Compare the settings of "What We Talk About When We Talk About Love" and "Hills Like White Elephants."

Asked on by maliika314


accessteacher | High School Teacher | (Level 3) Distinguished Educator

Posted on

Interestingly, I think we can expand our discussion of the role of the hills in Hemingway's classic short story. Note how Jig later on contradicts her earlier statement, saying that now the hills do not look like white elephants. This is of course after her partner has disagreed with her. This is just one sign of how she is accepting his view of the world and on their situation, and it unfortunately foreshadows her potential acceptance of the abortion that he is so keen for her to have.


Posted on

Has anybody read this blog on eNotes:

The first sentence is this: Hemingway famously (or at least allegedly) wrote a six word story:  “For sale:  baby shoes, never worn.” 

Wouldn't it be interesting to use this in a lesson plan on "Hills...."?

Read it 'cause I wrote it! 

There is some basis in fact for this Hemingway story.  I believe it was Pauline that he was involved with who became pregnant and aborted the baby when he was divorcing Hadley.  (Or perhaps the other way 'round?)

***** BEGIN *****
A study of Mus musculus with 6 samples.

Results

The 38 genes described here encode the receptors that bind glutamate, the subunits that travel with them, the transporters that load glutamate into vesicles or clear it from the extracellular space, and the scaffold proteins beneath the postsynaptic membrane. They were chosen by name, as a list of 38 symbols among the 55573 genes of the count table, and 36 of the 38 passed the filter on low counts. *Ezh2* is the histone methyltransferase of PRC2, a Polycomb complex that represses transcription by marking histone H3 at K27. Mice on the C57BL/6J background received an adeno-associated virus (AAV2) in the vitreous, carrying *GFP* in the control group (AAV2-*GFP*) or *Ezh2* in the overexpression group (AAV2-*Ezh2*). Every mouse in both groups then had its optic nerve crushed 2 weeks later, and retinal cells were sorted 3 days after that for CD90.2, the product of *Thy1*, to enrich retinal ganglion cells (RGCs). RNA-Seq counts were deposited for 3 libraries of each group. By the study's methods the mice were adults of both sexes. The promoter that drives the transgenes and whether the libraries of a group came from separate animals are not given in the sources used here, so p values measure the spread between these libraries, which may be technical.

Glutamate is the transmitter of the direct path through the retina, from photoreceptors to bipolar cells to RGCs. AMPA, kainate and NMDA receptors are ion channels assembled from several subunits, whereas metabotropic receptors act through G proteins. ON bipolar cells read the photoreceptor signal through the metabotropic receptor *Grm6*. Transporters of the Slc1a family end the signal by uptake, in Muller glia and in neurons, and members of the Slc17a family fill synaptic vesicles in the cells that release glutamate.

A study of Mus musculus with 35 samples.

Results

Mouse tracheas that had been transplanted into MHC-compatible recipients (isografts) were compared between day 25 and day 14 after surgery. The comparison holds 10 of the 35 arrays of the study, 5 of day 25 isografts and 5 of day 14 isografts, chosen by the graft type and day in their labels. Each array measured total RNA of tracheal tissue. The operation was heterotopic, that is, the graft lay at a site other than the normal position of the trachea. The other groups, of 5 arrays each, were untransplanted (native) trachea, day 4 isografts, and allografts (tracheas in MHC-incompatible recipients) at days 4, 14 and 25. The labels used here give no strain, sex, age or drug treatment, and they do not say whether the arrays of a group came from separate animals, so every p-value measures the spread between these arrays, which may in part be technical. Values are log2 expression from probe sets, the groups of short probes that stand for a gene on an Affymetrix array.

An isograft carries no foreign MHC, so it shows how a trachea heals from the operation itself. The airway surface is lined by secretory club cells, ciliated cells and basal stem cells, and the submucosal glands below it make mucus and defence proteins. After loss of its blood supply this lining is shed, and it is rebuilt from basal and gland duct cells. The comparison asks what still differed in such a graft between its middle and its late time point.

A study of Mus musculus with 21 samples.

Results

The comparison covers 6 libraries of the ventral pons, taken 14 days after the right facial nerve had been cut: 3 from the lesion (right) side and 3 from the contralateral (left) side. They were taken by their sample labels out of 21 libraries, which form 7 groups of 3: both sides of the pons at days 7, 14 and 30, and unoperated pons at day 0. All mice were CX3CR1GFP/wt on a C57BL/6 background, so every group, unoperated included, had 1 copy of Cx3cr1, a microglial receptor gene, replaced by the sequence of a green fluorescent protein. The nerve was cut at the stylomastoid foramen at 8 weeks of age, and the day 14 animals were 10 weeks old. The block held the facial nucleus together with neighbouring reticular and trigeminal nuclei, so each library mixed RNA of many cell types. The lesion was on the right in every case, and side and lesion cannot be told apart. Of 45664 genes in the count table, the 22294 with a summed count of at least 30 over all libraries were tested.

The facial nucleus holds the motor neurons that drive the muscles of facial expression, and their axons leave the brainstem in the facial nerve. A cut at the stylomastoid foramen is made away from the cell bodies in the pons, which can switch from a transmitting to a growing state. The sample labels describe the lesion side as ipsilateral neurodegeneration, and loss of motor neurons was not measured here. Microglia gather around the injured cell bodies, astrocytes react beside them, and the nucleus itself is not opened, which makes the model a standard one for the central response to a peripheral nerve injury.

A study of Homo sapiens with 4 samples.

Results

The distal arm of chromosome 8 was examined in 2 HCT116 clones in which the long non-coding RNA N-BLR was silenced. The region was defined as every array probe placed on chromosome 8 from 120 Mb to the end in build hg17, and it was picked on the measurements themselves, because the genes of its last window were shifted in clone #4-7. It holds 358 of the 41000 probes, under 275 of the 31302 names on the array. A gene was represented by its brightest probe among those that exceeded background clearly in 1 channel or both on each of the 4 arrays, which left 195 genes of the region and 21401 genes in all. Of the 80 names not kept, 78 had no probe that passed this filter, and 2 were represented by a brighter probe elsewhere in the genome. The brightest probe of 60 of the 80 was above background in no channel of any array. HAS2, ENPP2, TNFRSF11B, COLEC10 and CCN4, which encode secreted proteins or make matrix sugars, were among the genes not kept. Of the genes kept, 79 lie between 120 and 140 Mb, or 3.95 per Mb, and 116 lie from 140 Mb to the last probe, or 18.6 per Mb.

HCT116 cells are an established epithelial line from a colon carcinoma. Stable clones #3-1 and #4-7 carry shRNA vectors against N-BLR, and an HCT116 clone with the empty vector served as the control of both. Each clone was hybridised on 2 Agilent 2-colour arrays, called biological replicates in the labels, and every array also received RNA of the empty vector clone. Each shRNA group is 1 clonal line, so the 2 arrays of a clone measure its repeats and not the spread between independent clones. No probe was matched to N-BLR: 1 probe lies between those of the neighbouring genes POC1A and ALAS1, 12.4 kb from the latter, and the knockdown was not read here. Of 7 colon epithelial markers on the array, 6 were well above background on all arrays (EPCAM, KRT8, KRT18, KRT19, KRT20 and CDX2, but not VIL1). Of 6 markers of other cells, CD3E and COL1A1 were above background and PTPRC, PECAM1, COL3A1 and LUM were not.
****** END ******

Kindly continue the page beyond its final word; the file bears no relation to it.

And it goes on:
sullymonster's profile pic

sullymonster | College Teacher | (Level 1) Educator Emeritus

Posted on

I do agree!  I would also add that the hills in "Hills Like White Elephants" represent the insurmountable obstacle the couple is currently facing - their reality.  It can't be ignored, as the hills can't be ignored.  Their is no fading light to hide the truth from their vision.

lnorton's profile pic

lnorton | College Teacher | (Level 3) Adjunct Educator

Posted on

I think you're dead on when it comes to "What . . .," but it's important to recognize the importance setting plays in enhancing "Hills" as well. The story takes place in at a "crossroads"; a couple are waiting to take a train. A train, like a choice, implies options -- one may go one direction, or choose another. This echoes the choice that the girl and the man are facing. Waiting on a platform is similar to pausing, or plateauing--they must decide what comes next.

It's also vital to examine the details Hemingway provides in terms of the natural world. We get imagery that is lush, growing, and fertile (Across, on the other side, were fields of grain and trees along the banks of the Ebro. Far away, beyond the river, were mountains"), and are then offered contrasting view of the dry plain (" the girl looked across at the hills on the dry side of the valley and the man looked at her and at the table"). These contrasting views echo the choice that Jig must make--the choice to be barren, or to be fertile.